31 October 2012 15:38 [Source: ICIS news]
LONDON (ICIS)--Monthly Group I base oil prices in South Africa have fallen for all grades by up to 4% because of an oversupply, buyers and traders said on Wednesday.
The move came contrary to some players' previous expectations, with many buyers bracing themselves for increases. The reason for such possible increases was a delayed local reflection to prices rises that took place in the European and Baltic Sea export markets during August and September.
The rand has also weakened considerably versus the dollar over the course of October, thereby putting upward pressure on prices in rand terms.
However, local market fundamentals appear to have overridden external influences, with players pointing to an oversupply of material and slack demand as the main factor in the price decrease.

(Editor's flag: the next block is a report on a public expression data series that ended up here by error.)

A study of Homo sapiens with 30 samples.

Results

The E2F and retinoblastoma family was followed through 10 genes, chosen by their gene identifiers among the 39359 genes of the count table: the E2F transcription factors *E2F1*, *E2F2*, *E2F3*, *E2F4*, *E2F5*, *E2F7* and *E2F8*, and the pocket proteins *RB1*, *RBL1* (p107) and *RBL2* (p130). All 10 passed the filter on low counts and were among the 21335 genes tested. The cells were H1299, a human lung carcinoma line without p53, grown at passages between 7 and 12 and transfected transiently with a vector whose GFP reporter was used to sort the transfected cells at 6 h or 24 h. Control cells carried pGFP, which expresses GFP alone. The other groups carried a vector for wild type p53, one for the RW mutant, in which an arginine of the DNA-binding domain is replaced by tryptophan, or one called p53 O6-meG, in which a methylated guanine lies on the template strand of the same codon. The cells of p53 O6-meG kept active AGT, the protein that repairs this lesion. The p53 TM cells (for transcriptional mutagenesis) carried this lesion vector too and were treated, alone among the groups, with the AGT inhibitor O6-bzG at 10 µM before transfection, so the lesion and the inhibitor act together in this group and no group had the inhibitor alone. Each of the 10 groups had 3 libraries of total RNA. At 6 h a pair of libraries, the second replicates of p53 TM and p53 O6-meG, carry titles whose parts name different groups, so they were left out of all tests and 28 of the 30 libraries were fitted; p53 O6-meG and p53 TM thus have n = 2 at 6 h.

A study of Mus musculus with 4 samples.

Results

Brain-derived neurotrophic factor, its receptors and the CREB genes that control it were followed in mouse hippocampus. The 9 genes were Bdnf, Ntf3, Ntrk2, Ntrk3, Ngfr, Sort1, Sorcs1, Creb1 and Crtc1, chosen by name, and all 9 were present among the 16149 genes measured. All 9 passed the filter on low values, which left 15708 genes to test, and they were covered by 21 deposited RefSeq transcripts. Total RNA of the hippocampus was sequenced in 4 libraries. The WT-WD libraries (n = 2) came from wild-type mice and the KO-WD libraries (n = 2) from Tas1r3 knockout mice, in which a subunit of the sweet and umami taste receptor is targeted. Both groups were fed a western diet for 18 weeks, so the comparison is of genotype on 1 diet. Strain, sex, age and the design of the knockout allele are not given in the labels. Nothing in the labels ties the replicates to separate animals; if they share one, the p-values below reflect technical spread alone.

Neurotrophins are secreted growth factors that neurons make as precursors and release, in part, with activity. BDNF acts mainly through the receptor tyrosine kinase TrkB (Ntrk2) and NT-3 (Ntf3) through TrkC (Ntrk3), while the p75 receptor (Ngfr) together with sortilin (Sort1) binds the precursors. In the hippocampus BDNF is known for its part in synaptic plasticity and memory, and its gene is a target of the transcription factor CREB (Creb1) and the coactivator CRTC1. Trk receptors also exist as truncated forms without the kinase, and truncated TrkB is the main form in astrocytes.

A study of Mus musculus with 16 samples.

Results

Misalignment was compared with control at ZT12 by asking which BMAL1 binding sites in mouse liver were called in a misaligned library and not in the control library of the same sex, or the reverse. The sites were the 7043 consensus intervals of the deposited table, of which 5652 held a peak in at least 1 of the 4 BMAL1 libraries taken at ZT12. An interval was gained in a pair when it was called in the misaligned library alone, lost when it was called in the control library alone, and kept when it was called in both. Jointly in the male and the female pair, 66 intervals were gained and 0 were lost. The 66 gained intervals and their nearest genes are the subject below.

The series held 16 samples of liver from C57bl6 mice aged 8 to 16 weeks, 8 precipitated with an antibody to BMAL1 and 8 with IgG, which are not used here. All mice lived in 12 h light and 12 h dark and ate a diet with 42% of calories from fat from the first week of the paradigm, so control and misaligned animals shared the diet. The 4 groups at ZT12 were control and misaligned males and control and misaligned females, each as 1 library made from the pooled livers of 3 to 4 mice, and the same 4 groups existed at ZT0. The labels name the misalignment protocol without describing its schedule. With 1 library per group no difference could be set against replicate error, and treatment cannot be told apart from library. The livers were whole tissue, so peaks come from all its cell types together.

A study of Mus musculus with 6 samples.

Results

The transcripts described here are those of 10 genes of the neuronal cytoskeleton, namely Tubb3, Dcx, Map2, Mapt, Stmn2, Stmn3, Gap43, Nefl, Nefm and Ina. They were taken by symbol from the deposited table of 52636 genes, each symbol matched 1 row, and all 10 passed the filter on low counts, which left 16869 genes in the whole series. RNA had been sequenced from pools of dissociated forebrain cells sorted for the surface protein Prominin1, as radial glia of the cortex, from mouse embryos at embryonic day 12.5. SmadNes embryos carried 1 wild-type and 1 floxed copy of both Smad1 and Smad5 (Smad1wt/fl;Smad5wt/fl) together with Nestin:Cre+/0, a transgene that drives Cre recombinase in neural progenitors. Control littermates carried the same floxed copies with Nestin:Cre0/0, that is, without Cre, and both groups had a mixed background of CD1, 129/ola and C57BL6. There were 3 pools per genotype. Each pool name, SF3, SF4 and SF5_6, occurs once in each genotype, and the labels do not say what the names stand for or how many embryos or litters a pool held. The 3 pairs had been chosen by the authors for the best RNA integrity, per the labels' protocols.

Demand has been underperforming for much of 2012 as a consequence of the general global economic malaise. South Africa’s economy has been particularly impacted by its close links with the struggling European economy.
Furthermore, widespread labour strikes in recent months have had a negative impact on the economy, the value of the rand and on base oil demand directly.
The direct impact on base oil demand has come through reduced industrial and engineering activity during the strikes, as well strikes in the transport sector which reduced demand for automotive lubricants while also inhibiting the distribution of base oils and finished lubricants.
While the transport strikes have ended, labour action in the mining industry is ongoing.
The effect of the poor demand has been a build up of base oil inventories, and sources believe the price reductions are an effort to stimulate buying and shift stock.